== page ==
RealTime IT News

Autodesk Pirates Pay Up

Florida Benchmark, a mortgage survey company, has become the latest victim of a Web 2.0-style sting operation orchestrated by the Software & Information Industry Association. Busted.

The company agreed to pay $150,000 in damages to the SIIA after an online tipster notified SIIA officials that Florida Benchmark had installed and was using more copies of Autodesk software than it had licenses to use

In addition to the fine, Florida Benchmark agreed to "other confidential terms for its unauthorized copying and use of multiple Autodesk software products," according to an SIIA statement.

Keith Kupferschmid, the SIIA's senior vice president for intellectual property, said the trade association's attorneys are on the verge of settling another copyright-infringement lawsuit pending in the Eastern District of New York and plans to file a lawsuit against yet another software pirate sometime in the next two weeks.

On Monday, the SIIA, which represents more than 800 software and digital information companies, announced that through September, it has paid out more than $39,500 in cash to 14 sources who have reported instances of software piracy through its Anti-Piracy reward program. The trade association offers rewards ranging from $500 for a settlement of $10,000 to $1 million for cases with settlements of more than $20 million to whistleblowers who report alleged software piracy through its Web site.

In 2007 alone, Kupferschmid said the SIIA and its attorneys followed up on tipsters through various investigative techniques before contacting the executives at the offending companies. If the companies don't come clean and settle up, SIIA attorneys pursue litigation on behalf of the software companies. The SIIA has between 200 and 250 cases pending, he said.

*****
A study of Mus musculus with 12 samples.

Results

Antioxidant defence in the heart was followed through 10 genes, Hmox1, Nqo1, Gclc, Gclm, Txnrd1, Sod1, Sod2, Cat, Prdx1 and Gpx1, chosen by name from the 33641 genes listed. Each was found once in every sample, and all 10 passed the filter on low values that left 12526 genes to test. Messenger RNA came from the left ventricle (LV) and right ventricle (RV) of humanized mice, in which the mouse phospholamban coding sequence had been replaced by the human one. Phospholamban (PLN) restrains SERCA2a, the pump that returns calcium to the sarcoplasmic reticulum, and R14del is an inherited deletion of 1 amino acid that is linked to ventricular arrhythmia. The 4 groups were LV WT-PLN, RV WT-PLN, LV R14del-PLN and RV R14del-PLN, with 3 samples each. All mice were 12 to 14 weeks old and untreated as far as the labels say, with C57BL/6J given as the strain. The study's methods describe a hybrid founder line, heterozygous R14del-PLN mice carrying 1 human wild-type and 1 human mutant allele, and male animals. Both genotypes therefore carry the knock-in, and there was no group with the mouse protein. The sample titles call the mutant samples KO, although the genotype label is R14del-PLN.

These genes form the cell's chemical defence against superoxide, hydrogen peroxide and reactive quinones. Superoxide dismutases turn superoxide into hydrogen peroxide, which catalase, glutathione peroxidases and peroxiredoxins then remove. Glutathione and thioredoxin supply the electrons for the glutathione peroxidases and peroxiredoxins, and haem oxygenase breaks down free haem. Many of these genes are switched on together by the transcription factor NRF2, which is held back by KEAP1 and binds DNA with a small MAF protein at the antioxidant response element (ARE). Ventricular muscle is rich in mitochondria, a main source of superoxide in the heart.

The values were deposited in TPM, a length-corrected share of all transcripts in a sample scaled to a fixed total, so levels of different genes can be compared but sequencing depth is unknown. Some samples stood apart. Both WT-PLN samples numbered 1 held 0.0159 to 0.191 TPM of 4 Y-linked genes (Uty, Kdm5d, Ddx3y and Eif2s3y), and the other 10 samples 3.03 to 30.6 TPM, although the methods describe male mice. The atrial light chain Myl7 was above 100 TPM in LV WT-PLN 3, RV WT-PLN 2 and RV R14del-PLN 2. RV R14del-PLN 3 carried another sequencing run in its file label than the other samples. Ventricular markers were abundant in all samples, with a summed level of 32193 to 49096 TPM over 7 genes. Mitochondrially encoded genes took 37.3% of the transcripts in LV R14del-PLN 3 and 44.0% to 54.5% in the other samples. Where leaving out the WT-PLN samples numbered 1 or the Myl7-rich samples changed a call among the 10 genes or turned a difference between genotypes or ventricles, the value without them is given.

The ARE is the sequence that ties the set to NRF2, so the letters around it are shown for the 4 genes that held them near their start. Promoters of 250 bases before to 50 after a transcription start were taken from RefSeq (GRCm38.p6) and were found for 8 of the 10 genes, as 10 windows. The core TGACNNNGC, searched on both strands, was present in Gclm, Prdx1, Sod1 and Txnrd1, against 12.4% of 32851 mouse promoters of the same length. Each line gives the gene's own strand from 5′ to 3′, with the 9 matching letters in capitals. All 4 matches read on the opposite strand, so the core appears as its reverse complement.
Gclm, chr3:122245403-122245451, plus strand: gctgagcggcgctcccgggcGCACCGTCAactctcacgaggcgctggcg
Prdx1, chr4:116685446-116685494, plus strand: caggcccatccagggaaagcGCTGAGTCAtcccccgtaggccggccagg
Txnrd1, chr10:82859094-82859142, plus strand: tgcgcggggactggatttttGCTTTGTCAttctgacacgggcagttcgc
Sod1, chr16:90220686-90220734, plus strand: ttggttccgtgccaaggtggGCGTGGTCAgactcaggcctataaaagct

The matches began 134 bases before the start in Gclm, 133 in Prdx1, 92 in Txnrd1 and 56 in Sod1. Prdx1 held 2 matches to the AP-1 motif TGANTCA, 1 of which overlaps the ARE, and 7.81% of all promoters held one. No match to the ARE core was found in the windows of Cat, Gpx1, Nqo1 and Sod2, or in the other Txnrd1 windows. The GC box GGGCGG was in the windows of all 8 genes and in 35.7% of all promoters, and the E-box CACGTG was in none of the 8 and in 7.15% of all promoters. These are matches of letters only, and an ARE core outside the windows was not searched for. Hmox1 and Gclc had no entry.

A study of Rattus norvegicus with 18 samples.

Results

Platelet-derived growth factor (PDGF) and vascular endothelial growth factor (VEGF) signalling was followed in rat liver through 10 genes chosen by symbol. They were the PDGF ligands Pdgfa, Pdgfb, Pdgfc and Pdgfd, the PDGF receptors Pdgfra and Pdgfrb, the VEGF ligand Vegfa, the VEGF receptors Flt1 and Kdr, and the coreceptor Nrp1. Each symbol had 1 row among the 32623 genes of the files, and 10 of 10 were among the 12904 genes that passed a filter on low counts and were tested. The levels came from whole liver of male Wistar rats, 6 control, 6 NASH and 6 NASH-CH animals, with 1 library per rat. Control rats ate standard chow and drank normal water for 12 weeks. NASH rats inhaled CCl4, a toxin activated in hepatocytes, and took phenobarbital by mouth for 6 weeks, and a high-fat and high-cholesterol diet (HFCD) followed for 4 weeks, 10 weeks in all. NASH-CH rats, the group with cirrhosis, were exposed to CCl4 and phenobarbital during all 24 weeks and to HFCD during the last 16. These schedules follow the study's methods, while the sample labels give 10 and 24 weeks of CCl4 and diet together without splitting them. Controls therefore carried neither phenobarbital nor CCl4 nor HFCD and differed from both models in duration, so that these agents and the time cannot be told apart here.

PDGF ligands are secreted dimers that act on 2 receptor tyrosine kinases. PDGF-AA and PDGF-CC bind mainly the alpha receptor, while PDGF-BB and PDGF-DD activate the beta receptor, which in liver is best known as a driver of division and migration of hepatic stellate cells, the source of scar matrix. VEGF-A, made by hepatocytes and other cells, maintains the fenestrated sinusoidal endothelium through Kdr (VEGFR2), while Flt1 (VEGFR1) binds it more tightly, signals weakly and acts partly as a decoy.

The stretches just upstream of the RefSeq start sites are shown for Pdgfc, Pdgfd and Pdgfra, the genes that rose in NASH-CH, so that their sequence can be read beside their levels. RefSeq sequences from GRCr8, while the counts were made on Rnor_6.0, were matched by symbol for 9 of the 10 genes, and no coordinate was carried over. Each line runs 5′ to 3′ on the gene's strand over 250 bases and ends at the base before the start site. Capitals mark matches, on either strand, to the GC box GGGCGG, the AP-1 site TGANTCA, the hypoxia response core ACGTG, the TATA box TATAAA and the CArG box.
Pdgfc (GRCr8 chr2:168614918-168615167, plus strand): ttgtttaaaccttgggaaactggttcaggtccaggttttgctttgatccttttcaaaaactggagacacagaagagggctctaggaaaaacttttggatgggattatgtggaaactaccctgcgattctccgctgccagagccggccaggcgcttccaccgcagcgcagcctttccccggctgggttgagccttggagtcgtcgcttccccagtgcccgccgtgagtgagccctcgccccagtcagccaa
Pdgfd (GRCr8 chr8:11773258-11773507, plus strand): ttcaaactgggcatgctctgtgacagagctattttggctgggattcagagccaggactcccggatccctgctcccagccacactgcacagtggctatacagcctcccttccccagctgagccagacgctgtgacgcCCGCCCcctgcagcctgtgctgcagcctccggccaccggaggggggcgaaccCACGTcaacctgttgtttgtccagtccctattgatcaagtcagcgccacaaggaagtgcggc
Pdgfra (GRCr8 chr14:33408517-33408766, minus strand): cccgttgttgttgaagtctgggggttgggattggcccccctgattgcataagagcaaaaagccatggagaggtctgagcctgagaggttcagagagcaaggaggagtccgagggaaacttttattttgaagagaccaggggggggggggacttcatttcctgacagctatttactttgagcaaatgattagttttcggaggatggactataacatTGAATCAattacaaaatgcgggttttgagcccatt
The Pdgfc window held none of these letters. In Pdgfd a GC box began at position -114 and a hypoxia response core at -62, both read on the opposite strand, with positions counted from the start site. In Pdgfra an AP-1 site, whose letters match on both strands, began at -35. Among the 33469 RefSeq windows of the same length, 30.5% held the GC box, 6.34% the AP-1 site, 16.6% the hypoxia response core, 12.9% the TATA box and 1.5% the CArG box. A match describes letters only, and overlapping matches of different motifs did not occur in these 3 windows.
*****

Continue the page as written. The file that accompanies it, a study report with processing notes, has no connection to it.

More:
"To be frank, we don't litigate all that often," Kupferschmid said in an interview with InternetNews.com. "We'll litigate maybe two of them. Most of the companies do cooperate and work with us to become software compliant. It's fairly painless."

SIIA investigators, after discerning whether an online tip has any merit, go to the company's Web site looking for clues to support the allegation. They call around to other SIIA member companies to see if and how many software licenses they have for other applications. They dig through classified advertisements for IT workers to see what software skills they're looking for and what applications they're running.

The SIIA provides free, downloadable audit programs for accused companies to inventory all their applications. Sometimes the CIO or CEO doesn't even know the illegal versions of the software are being used.

Once a company or individual is caught, confronted and confesses, a settlement arrangement is worked out between the company and the SIIA. Typically, Kupferschmid said, the company will pay about triple the manufacturer's suggested retail price (MSRP) to the SIIA. After the attorneys take their cut, a portion of the settlement payment is returned to the aggrieved software vendor and the remainder is left to finance the SIIA's anti-piracy endeavors.

Kupferschmid said the SIIA only pursues about 25 percent of the online tips it receives each year and collects "millions" in settlement payments.

Company officials at both Autodesk and Florida Benchmark weren't immediately available to comment on the settlement agreement.

The SIIA said it originally contacted Florida Benchmark in April 2006, offering it a chance to resolve the copyright-infringement claims through the voluntary audit and gave it the opportunity to provide whatever licensing documentation it had for the Autodesk software. Florida Benchmark refused to cooperate so the SIIA filed a lawsuit in February to enforce Autodesk's copyrights.